On the eve of the parliamentary debate on the Government’s gay marriage bill, the Church of England — which solemnises about a quarter of all marriages in the UK — has sent a briefing to MPs urging them to vote against. Beginning his first official day in the office, the new Archbishop of Canterbury, Justin Welby, will be giving interviews today to put the Church’s position.
Like the Catholic Church’s own briefing to MPs last week, the Anglican briefing emphasises the social purpose and meaning of marriage as a heterosexual union. Marriage, says the document,
is a social institution that predates both church and state and is the glue that has bound countless successive societies together. It benefits society in many ways, by promoting mutuality and fidelity, and by acknowledging an underlying biological complementarity that includes, for many couples, the possibility of children. While marriage has evolved as an institution in many other ways these aspects have remained constant.
The document objects to the “reshaping and unnecessary politicising of a fundamental social institution” by a Government without a mandate to do so. “To apply uniformity of treatment to objectively different sorts of relationship – as illustrated by the remaining unanswered questions about consummation and adultery [which in the Bill are not part of the proposed definition of marriage for same-sex couples, only heterosexual couples] is an unwise way of promoting LGBT equality.”
In respect of religious freedom, the document says:
we doubt the ability of the government to make the legislation watertight against challenge in the European courts or against a ‘chilling effect’ in public discourse. We retain serious doubts about whether the proffered legal protection for churches and faiths from discrimination claims would prove durable. Too much emphasis, we believe, is being placed on the personal assurances of Ministers.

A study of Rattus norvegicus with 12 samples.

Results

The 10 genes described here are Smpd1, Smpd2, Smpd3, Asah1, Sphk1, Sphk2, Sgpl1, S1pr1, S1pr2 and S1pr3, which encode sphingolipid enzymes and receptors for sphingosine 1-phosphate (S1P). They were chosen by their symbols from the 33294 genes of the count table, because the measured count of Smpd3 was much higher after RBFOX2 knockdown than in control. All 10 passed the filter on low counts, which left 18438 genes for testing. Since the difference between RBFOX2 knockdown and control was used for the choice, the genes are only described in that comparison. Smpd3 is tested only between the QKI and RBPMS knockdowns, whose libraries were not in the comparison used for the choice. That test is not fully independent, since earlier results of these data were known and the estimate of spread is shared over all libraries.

On the question of whether teachers would be forced to promote same-sex marriage as equal to traditional marriage, the briefing says:
We welcome the Department for Education’s assurances that the Secretary of State would not issue specific guidance on teaching about a newly defined understanding of marriage, and that the DfE would not issue particular materials which must be adhered to, but there is no guarantee that future Secretaries of State would take the same view, thus causing conflict with the school’s religious foundation.
Lastly, by radically redefining marriage, the Church of England says, there will be no longer be any possibility of a couple who understand marriage as between a man and a woman to find such an understanding reflected in English law.
The effect of the proposals would be that everyone who wished to marry – irrespective of the form or ceremony by which their marriage was solemnized – would be required to enter into the same new statutory institution of marriage. That institution would be one that was defined gender-neutrally as the voluntary union for life of any two persons. English law would as a result cease to provide or recognise a legal institution that represented the traditional understanding of marriage as the voluntary union for life of one man with one woman.
Moreover, the place of children as the issue of a biological union between husband and wife would necessarily have to disappear from the social understanding of marriage. The established institution of marriage, as currently defined and recognised in English law, would in effect have been abolished and replaced by a new statutory concept that many inside and outside religious organisations would struggle to recognise as amounting to marriage at all. A man and a woman who wished to enter into the traditional institution of marriage would no longer have the opportunity to do so.